Lets dig deep.
Living during a time of war, the written words of Anne Frank come to mind.
“It’s an odd idea for someone like me to keep a diary; not only because I have never done so before, but because it seems to me that neither I — nor for that matter anyone else — will be interested in the unbosomings of a 13-year-old schoolgirl. Still, what does that matter? I want to write, but more than that, I want to bring out all kinds of things that lie buried deep in my heart.” —Anne Frank, The Diary of Anne Frank
I began keeping a journal during the COVID lock-down two years ago. Being alone in a small condo, going no where, and no one coming in, I began to journal. At first as a reminder that I may someday want to look back on. I was already a meditator, and I continued to teach trauma sensitive yoga online, but journaling was new for me. I found journaling did help clarify my thoughts and feelings. I found that I was solving problems more effectively.
Meditation is great, but not for everyone. Some enjoy taking a walk in nature to clear their thoughts. I am a meditator, and I walk on trails in nature, and my mind calms and quiets, but now as I make journaling a practice, I look forward to writing in my journal the inpsirational thoughts that emerge in my quiet mind.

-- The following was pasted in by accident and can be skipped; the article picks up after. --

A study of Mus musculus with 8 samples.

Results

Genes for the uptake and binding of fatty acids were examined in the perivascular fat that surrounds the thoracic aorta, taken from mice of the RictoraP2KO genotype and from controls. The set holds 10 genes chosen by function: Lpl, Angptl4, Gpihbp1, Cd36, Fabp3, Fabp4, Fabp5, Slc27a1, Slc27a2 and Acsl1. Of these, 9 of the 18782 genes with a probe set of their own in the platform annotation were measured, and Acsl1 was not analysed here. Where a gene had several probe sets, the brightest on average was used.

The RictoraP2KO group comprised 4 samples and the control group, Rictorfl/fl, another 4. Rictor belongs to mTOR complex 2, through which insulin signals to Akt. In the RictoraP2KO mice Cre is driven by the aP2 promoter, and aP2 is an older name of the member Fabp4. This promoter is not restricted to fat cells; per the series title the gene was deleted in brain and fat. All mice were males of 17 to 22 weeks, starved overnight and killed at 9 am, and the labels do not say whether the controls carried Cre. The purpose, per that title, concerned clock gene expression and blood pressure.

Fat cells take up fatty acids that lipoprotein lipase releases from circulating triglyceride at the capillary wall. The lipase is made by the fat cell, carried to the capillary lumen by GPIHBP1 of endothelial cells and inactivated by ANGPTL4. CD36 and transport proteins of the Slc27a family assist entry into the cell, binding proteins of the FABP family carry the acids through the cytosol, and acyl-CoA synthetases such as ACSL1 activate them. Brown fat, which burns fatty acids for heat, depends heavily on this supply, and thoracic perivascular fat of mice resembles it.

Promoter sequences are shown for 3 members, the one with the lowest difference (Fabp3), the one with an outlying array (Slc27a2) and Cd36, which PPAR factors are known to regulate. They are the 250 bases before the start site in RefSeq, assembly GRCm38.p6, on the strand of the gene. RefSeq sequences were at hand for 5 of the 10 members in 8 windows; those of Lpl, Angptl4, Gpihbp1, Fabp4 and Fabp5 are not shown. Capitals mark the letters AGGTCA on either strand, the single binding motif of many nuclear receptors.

Journaling in itself evokes mindfulness. When I am struggling to find words I change my focus by writing a letter. I write a letter right in my journal and don’t share it with anyone. Sometimes this letter is directed to my self, my future self or my past self. Sometimes to someone who is no longer with me.
Sometimes I enjoy having deep philosophical discussions, with thought-provoking questions…
-What harsh truths do I prefer to ignore?
-Is free will real or just an illusion?
-Where is the line between art and not art?
-What should be the goal of humanity?
-Where does self-worth come from?
-Is intelligence or wisdom more useful?
Whatever you’re journaling about doesn’t matter – write from the heart and you can’t go wrong!
I find that journaling helps free my mind. There are times I don’t even realize what I’m feeling until I sit time and write it out. Even if you don’t have a specific topic in mind, just start writing and see what feelings reveal themselves to you through your words.
Having clarity in how we respond to trauma triggers is the responsibility of each individual. This is our ability to respond. Bringing our coherent self to co-create a coherent group of people is how trauma recovery happens.